Water Quality by City | Drinking Water Quality Reports – Tagged "NYC" – Hydroviv

Problems We Found In New York City Water

 Kezia Snipe | Hydroviv Research Analyst

 

For Hydroviv’s assessment of New York City tap water, we aggregated water quality test data from New York City Environmental Protection, the water provider for America’s largest city, and the U.S. Environmental Protection Agency (EPA), as well as from samples that we collect and analyze.  We cross reference these data with toxicity studies in scientific and medical literature, and look at upcoming regulatory changes.  The water filters that Hydroviv offers are optimized with these numbers in mind.

Source Of New York City Drinking Water

New York City gets its drinking water from a surface supply system that comprises 19 reservoirs and three controlled lakes spread across a nearly 2,000-square-mile watershed. The watershed is roughly the size of the State of Delaware, extending 125 miles north and west of New York City. The New York City Water Supply System, consists of three individual water supplies: the Catskill/Delaware supply, located in Delaware, Greene, Schoharie, Sullivan, and Ulster counties; the Croton supply, New York City’s original upstate supply, in Putnam, Westchester, and Dutchess counties; and a groundwater supply in southeastern Queens.

Lead In New York City Drinking Water

Lead enters tap water through older lead service pipes and lead-containing plumbing. When corrosion control measures put in place by the municipality fail (like what recently happened in Flint, Michigan), lead leaches into the drinking water, and can reach dangerous levels.  Currently, 10% of samples analyzed for lead in New York City are 11 parts per billion. Though the city is currently in compliance with federal regulations, the EPA and CDC have both acknowledged that there is no safe level of lead, and federal regulations do not take into account levels measured at an individual tap.  The American Academy of Pediatrics recommends that any taps used to serve children have lead levels no higher than 1 part per billion.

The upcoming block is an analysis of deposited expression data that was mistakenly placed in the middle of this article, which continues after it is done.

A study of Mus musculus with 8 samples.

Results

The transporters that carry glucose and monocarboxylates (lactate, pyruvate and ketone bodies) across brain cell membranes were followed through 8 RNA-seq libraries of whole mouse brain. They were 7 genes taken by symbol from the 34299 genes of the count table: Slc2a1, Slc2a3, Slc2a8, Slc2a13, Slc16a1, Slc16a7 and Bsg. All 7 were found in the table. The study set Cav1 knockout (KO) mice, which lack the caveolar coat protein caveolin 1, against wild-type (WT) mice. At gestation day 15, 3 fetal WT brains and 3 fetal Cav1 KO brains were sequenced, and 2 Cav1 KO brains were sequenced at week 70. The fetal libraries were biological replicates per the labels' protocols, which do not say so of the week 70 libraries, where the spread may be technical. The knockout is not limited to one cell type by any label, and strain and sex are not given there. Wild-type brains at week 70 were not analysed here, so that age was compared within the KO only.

Chromium 6 In New York City Drinking Water

Chromium 6 is an extremely toxic metal that is not currently regulated by the EPA. In recent years, New York City tap water has averaged 45 parts per trillion for Chromium 6. For the sake of perspective, these levels are 2.25 times higher than the concentration determined to have negligible impact on cancer risk

Disinfection Byproducts (DBPs) In New York City Drinking Water

DBPs are a category of emerging contaminants that form when chlorine-based disinfectants react with naturally-occurring organic matter.  Although these chemicals are not currently regulated very well, the EPA has admitted that they are associated with an increased risk of bladder cancer, as well as kidney, liver, and central nervous system problems.

Still Have Questions About New York City Tap Water?

Hydroviv is a water filtration company that uses water quality data to optimize water filters for each customer's water.  The contaminants that we list above are what we consider to be major “points of emphasis” that we use to build water filters that are built specifically for NYC, but our filters provide broad protection against a wide range of contaminants.

If you’re interested in learning more about water filters that have been optimized for NYC tap water, or just have questions about water quality in general, feel free to visit www.hydroviv.com, reach out by email (hello@hydroviv.com) or through our live chat. We also frequently post water-related news on Twitter or Facebook.  We pride ourselves in being a reputable source of information on water quality, and your questions will be answered by scientists, not salespeople (we don't have any salespeople).

Please Share This Article On Social Media With Anyone You Think Would Benefit From The Information!

Recommended Articles For You

Lead In My Water? What Do I Do?

What Are The Dangers Of Chromium 6?

What Are Disinfection Byproducts And Are They Harmful?